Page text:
The US space agency began the countdown on Tuesday for the test launch of a rocket designed to replace the aging space shuttle fleet and one day take astronauts to the Moon and Mars.
Barring bad weather, a four-hour window will begin at 8:00 am (1200 GMT) for the launch of the Ares I-X rocket from Florida's Kennedy Space Center, a key test for the future of US space exploration amid deep uncertainty about the program.
After a "call to stations" to begin the countdown at 1:00 (0500 GMT), the US space agency said some 30 team members began work at Kennedy's Launch Control Center.
But while NASA scientists said they had "no issues" with the 327-foot (100-meter) prototype, the world's largest at present, the weather could thwart the launch.
The forecast for Tuesday shows only a 40 percent chance of favorable weather. NASA needs just 15 minutes of good weather to launch.
If weather concerns cloud the test launch, the next window will be on Wednesday, when the forecast is 60 percent favorable. The flight will be delayed until next month if bad weather persists.
The flight, NASA said, will allow the agency to "test and prove hardware, models, facilities and ground operations associated with the Ares I launch vehicle," which is seen as a first step in US human space flight after the shuttle is retired.
NASA will gather data collected by more than 700 sensors placed throughout the rocket during the ascent of the integrated stack.
Only the first stage of Ares I-X -- a modified solid-fuel motor from the shuttle program -- will be tested, while the upper stage and capsule are mock-ups.
Data obtained during the two-and-a-half-minute flight will help the US space agency determine whether the prototype is safe and stable in flight before the new generation of launch vehicles is used to take astronauts into orbit.
A team of experts has projected that will not happen before 2015, leaving a five-year gap after the shuttle is retired in 2010.
The test launch comes as the White House studies a report by a high-level commission set up by President Barack Obama to review plans for post-shuttle human space flight established by his predecessor, George W. Bush.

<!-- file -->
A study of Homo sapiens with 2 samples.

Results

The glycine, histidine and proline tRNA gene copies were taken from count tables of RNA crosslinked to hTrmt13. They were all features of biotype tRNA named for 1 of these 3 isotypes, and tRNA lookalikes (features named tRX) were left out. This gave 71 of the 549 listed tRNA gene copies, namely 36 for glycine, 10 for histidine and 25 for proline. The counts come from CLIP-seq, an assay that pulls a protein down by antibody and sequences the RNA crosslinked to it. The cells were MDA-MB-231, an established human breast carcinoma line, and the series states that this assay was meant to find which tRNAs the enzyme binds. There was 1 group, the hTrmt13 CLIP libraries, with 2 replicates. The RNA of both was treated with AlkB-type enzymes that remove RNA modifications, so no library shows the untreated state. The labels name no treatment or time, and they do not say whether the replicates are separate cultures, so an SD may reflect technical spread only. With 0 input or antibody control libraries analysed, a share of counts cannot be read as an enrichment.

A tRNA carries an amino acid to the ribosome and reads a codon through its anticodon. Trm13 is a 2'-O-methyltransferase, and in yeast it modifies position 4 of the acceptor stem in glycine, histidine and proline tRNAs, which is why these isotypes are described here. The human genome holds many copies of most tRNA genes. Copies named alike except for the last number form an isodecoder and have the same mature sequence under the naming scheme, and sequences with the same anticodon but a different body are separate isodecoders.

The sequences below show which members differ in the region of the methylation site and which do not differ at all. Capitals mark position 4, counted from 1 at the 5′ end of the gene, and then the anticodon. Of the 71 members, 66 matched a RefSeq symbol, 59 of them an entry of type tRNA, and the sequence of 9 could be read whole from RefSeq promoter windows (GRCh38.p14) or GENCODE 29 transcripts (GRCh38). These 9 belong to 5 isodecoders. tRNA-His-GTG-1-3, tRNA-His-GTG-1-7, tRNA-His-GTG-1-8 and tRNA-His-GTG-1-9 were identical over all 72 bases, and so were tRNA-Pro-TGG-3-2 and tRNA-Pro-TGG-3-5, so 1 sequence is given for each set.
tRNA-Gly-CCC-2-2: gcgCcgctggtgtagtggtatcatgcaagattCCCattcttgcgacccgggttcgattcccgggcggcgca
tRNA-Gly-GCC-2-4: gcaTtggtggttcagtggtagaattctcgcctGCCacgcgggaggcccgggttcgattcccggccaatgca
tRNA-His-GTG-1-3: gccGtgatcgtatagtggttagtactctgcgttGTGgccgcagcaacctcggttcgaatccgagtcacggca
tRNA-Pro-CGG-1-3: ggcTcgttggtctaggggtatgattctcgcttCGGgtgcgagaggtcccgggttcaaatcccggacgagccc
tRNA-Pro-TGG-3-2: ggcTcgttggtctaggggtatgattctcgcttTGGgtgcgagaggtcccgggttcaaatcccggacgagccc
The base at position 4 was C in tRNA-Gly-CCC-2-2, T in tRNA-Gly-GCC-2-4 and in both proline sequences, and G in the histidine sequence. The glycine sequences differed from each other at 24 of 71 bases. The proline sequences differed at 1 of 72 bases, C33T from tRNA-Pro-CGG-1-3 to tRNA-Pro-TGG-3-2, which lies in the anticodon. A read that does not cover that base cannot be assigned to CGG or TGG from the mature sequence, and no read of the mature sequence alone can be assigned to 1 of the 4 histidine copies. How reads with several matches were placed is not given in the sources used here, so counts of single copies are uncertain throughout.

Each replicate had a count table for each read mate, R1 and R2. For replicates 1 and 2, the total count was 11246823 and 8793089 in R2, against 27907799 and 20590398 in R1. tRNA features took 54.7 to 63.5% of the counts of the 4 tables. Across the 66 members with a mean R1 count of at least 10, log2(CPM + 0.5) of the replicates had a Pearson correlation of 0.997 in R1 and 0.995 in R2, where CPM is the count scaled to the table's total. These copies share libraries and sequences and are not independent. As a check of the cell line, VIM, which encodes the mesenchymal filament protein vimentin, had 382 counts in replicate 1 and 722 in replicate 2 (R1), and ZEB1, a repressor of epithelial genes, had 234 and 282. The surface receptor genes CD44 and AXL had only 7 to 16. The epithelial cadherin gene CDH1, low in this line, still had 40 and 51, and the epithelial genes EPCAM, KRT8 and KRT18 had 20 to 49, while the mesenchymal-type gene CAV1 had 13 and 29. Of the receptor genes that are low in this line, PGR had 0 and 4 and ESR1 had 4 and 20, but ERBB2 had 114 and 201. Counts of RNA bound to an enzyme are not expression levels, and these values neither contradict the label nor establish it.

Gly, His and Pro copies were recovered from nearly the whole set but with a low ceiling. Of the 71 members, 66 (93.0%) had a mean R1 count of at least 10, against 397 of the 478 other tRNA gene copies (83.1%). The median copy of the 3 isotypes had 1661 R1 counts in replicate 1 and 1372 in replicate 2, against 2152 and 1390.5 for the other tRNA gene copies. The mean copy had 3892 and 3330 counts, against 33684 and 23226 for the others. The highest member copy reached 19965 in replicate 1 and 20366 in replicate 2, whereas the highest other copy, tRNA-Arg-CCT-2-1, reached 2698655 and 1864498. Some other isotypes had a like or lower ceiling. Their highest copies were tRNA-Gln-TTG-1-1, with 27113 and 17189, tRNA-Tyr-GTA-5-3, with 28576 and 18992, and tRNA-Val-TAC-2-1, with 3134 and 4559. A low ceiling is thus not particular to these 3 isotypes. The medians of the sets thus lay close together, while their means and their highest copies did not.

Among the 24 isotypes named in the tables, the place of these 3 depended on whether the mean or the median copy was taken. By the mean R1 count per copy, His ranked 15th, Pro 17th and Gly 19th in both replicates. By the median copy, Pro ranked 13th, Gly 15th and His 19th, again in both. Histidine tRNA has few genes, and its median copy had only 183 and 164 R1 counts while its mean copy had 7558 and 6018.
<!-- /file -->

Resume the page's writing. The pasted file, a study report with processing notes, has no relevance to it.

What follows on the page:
The panel chaired by Norman Augustine, a former executive at aerospace giant Lockheed Martin, concluded that the US human space flight program "appears to be on an unsustainable trajectory" and did resources not match seeking to achieve goals.
The Ares rocket has suffered major development problems, and its hefty price tag has fueled criticism of NASA, an agency notorious for its cost overruns.
The initial budget for the Constellation program, which includes Ares rockets, was set at 28 billion dollars, but has swollen to at least 44 billion.
Augustine Commission member Ed Crawley said last week that Ares I was "not the right ship" for post-shuttle space flight.
"The question is not can we build Ares I, but should we build Ares I," Crawley said.
The National Aeronautics and Space Administration's yearly budget is about 18 billion dollars, 10 billion of which are plowed into the human space flight program, chiefly in developing the successor of the space shuttle: the Ares 1 rocket and the Orion Crew Exploration Vehicle.
The Augustine Commission said an additional three billion dollars a year are needed for NASA to meet Constellation program goals or take human space flight the next step beyond the existing International Space Station (ISS).
The commission's review of the Constellation program proposed several alternatives, including sidestepping the rocket and going straight to the Ares V family of launch vehicles, which would take astronauts back to the Moon and eventually on to Mars.